The water-generating Moon
DR EMILY BALDWIN
Posted: October 15, 2009
Analysis of data from Chandrayaan-1's SARA instrument confirms how water is likely being generated on the Moon, with some surprising results.
Last month, data from Chandrayaan-1's Moon Mineralogy Mapper, Deep Impact, Cassini and LRO all provided evidence for water not only existing on the Moon, but also being created there. Now, further evidence from Chandrayaan-1's SARA (Sub-keV Atom Reflecting Analyzer) instrument confirms the solar wind as the key player in generating water.Chandrayaan-1 SARA measurements of hydrogen flux recorded on the Moon on 6 February 2009. Images: Elsevier 2009 (Wieser et al.), ESA-ISRO SARA data.
The solar wind – a stream of charged particles – bombards the lunar surface, the top layer of which is a loose collection of grains, collectively known as the regolith. Incoming particles from the solar wind should be trapped in the spaces between the grains and absorbed. Protons landing on the lunar surface are expected to interact with the oxygen in the regolith to produce hydroxyl – one oxygen and one hydrogen atom – and water.
The signature for these molecules was recently found and the SARA results confirm that solar hydrogen nuclei are indeed being absorbed by the lunar regolith. But there is a curiosity in the results: roughly one in every five protons rebounds into space. In the process, the proton joins with an electron to become an atom of hydrogen.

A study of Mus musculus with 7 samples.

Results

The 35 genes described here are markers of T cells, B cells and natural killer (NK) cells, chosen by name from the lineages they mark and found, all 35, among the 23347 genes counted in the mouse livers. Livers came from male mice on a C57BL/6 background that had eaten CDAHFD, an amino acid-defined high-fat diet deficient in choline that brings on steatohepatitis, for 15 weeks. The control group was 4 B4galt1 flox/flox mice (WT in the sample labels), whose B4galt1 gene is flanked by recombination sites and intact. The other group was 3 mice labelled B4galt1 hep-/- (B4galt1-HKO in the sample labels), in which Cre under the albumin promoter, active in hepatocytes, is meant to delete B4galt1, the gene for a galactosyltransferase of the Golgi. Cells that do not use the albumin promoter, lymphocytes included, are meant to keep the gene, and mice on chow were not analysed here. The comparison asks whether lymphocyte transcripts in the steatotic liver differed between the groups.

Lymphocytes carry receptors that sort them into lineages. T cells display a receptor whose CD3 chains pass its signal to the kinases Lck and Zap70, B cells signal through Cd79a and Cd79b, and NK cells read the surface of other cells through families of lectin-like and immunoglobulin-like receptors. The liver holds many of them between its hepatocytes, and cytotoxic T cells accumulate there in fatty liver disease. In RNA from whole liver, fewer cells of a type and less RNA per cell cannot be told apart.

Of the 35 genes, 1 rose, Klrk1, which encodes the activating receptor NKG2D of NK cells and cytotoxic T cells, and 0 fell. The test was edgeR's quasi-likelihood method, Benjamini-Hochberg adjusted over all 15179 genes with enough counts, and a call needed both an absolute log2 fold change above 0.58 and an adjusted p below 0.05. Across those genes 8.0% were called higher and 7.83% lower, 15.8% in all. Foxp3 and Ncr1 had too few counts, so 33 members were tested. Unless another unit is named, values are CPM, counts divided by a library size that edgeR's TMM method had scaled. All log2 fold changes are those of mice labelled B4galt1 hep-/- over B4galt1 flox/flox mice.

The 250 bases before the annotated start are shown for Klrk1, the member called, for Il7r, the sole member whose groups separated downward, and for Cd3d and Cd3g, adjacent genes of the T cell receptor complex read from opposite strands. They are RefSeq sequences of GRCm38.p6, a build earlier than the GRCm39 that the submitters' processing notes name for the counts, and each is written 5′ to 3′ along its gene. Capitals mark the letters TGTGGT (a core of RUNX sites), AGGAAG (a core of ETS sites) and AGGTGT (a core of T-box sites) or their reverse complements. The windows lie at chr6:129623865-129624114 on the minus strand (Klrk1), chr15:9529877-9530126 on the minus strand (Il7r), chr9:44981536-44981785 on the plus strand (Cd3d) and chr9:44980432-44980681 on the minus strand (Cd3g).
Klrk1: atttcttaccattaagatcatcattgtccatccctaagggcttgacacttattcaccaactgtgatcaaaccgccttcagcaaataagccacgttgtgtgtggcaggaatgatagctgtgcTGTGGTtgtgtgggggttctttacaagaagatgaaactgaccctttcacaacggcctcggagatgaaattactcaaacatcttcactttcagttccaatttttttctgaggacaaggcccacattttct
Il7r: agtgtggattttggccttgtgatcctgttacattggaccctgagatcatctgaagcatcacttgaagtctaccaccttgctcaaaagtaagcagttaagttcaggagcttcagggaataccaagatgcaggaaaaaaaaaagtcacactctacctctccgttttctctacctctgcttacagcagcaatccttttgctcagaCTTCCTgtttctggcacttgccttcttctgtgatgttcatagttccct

“We didn’t expect to see this at all,” says Stas Barabash, Swedish Institute of Space Physics, and the European Principal Investigator for SARA.
Furthermore, the hydrogen is shooting off into space at speeds of around 200 kilometres per second, without being deflected by the Moon's weak gravity, or, since hydrogen is also electrically neutral, by magnetic fields in space. Since these atoms travel in straight lines it should be possible to trace them back to their points of origin to create a new type of surface map.
Whilst the Moon does not generate a global magnetic field, some lunar rocks are magnetized. Barabash and his team are currently making images, to look for such ‘magnetic anomalies’ in lunar rocks. These generate magnetic bubbles that deflect incoming protons away into surrounding regions making magnetic rocks appear dark in a hydrogen image.
Like the Moon, Mercury also suffers from the direct hits of solar wind particles, and the SARA team expects that a similar phenomenon may occur here too, but that the innermost planet is likely reflecting more hydrogen than the Moon because the solar wind is more concentrated closer to the Sun.